All that the name suggests - lavish, opulent with grand columns and detailed woodwork, and glimpses of satin and velvet and gold and... well, you get the idea. But there's nothing intimidating or suffocating about any of this; it's all just packaging and it doesn't pretend to be anything else. Haveli provides just the right kind of diversity to the list of restaurants in the same complex: Malgudi
(North-West Frontier) and L'Autre
Although it serves Chinese and Italian food too, Haveli specialises in Mughlai, Hyderabadi and Punjabi cuisine. This restaurant draws quite a bit on the popularity of all-time classics like biryani and kebabs to keep it going. But it does a good job of the classics, so no one's complaining.
There are a couple of new and interesting kebabs for starters, like the Nimbu Machli Tikka (murrel marinated in spiced yogurt and baked) or the Murgh Chutney Kebab. The Veg. Manchuria and Paneer Tikka also make good appetizers.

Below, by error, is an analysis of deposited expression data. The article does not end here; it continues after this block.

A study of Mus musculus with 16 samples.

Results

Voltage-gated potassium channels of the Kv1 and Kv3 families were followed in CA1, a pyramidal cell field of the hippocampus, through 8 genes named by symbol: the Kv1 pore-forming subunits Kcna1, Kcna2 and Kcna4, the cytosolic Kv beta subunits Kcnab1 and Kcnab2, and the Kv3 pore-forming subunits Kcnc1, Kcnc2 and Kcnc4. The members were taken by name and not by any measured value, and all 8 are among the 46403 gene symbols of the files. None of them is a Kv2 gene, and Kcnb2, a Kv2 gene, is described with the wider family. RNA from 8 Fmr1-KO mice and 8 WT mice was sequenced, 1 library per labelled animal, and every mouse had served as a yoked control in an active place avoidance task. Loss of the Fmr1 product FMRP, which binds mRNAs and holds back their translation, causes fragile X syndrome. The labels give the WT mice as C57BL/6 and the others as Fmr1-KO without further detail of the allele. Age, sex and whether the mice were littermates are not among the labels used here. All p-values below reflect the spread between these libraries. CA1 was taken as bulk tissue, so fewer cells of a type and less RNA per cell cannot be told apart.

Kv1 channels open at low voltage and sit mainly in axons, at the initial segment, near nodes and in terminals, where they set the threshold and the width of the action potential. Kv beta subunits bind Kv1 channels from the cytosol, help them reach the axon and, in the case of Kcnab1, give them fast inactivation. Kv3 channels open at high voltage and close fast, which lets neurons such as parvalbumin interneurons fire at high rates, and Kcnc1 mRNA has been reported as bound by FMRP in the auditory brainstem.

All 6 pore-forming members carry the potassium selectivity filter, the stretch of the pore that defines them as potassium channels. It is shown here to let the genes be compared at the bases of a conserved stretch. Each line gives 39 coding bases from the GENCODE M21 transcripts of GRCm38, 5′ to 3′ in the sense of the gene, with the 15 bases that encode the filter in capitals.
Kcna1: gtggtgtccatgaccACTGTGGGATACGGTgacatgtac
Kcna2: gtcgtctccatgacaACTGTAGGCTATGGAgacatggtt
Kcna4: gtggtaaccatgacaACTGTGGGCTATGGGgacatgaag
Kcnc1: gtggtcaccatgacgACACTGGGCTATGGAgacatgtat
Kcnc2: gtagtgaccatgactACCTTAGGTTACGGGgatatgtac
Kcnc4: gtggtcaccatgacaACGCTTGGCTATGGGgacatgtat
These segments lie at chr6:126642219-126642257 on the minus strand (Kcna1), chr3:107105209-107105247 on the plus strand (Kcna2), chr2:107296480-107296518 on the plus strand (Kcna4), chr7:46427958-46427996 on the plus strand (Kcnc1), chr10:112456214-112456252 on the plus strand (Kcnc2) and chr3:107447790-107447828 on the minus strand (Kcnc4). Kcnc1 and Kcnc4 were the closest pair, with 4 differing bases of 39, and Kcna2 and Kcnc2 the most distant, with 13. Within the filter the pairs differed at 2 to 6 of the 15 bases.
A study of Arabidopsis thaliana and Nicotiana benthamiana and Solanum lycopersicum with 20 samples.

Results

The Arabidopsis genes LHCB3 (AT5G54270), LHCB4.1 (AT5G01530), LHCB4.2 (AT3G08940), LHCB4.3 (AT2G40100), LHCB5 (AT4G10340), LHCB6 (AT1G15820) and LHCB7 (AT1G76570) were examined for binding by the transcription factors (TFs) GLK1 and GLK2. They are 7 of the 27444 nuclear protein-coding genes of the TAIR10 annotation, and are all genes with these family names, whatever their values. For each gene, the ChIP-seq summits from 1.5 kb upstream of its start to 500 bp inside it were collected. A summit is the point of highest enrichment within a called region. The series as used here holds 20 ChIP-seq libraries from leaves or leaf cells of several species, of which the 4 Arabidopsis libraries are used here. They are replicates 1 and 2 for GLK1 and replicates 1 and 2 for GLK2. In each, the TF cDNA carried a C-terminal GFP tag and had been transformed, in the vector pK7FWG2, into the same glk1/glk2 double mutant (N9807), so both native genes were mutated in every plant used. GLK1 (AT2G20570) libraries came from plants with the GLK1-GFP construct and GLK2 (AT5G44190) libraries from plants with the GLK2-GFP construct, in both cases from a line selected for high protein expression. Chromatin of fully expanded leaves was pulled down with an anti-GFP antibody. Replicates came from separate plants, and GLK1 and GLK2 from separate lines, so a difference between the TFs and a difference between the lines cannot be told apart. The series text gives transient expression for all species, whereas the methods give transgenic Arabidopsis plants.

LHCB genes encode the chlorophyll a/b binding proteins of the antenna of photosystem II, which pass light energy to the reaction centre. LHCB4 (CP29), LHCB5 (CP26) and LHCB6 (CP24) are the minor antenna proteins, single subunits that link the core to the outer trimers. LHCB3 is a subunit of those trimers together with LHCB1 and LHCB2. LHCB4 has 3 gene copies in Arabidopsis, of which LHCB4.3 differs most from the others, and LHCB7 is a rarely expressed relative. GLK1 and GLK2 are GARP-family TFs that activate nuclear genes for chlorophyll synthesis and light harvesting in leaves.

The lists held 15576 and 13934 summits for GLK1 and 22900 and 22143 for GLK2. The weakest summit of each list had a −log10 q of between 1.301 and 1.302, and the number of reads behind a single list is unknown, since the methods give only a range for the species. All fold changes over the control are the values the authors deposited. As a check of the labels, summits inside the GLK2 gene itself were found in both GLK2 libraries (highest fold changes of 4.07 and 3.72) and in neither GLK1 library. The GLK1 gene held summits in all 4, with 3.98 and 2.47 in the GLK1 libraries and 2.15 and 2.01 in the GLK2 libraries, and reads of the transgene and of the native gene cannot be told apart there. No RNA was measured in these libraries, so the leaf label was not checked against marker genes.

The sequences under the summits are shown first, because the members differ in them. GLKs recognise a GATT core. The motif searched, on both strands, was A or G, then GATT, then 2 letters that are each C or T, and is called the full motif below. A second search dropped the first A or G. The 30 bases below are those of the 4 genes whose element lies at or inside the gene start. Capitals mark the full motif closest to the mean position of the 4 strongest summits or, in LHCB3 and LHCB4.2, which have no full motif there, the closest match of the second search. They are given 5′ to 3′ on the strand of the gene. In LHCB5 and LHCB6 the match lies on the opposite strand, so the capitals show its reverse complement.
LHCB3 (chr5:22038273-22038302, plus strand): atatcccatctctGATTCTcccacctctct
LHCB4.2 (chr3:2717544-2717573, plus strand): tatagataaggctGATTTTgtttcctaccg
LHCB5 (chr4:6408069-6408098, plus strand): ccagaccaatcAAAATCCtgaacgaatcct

You must have the Dum Biryani here, it's up there with the best. Flavored just right and with well-marinated veggies/chicken, it's a sumptuous if somewhat heavy treat. The Assorted Roti Platter is a good deal at Rs. 65, and it goes great with Dongri Dolma (mushrooms in gravy), Kadai Chicken or Achar Gosht.
Somewhat sidelined but putting up a fight are Chinese dishes like Mixed Soft Noodles, Manchuria and American Chopsuey. If you must eat pasta at a place called Haveli, then try the Vegetable Au Gratin or the Macaroni And Cheese.
But go Indian with dessert. Qubani-ka-Meetha, if you prefer to stay conventional. Haveli also has a selection of ice-creams, and sweets like Raj Bhog and Rasmalai. Plus a lunch buffet at around Rs. 200 (12pm - 4:30pm), which, as always, is a good way to try everything out without worrying about the prices. The service is friendly and quick, and the prices are on the steep side if you choose to go a la carte
. But this is a good place to check out, if nothing else on the first or ground floor tempt you.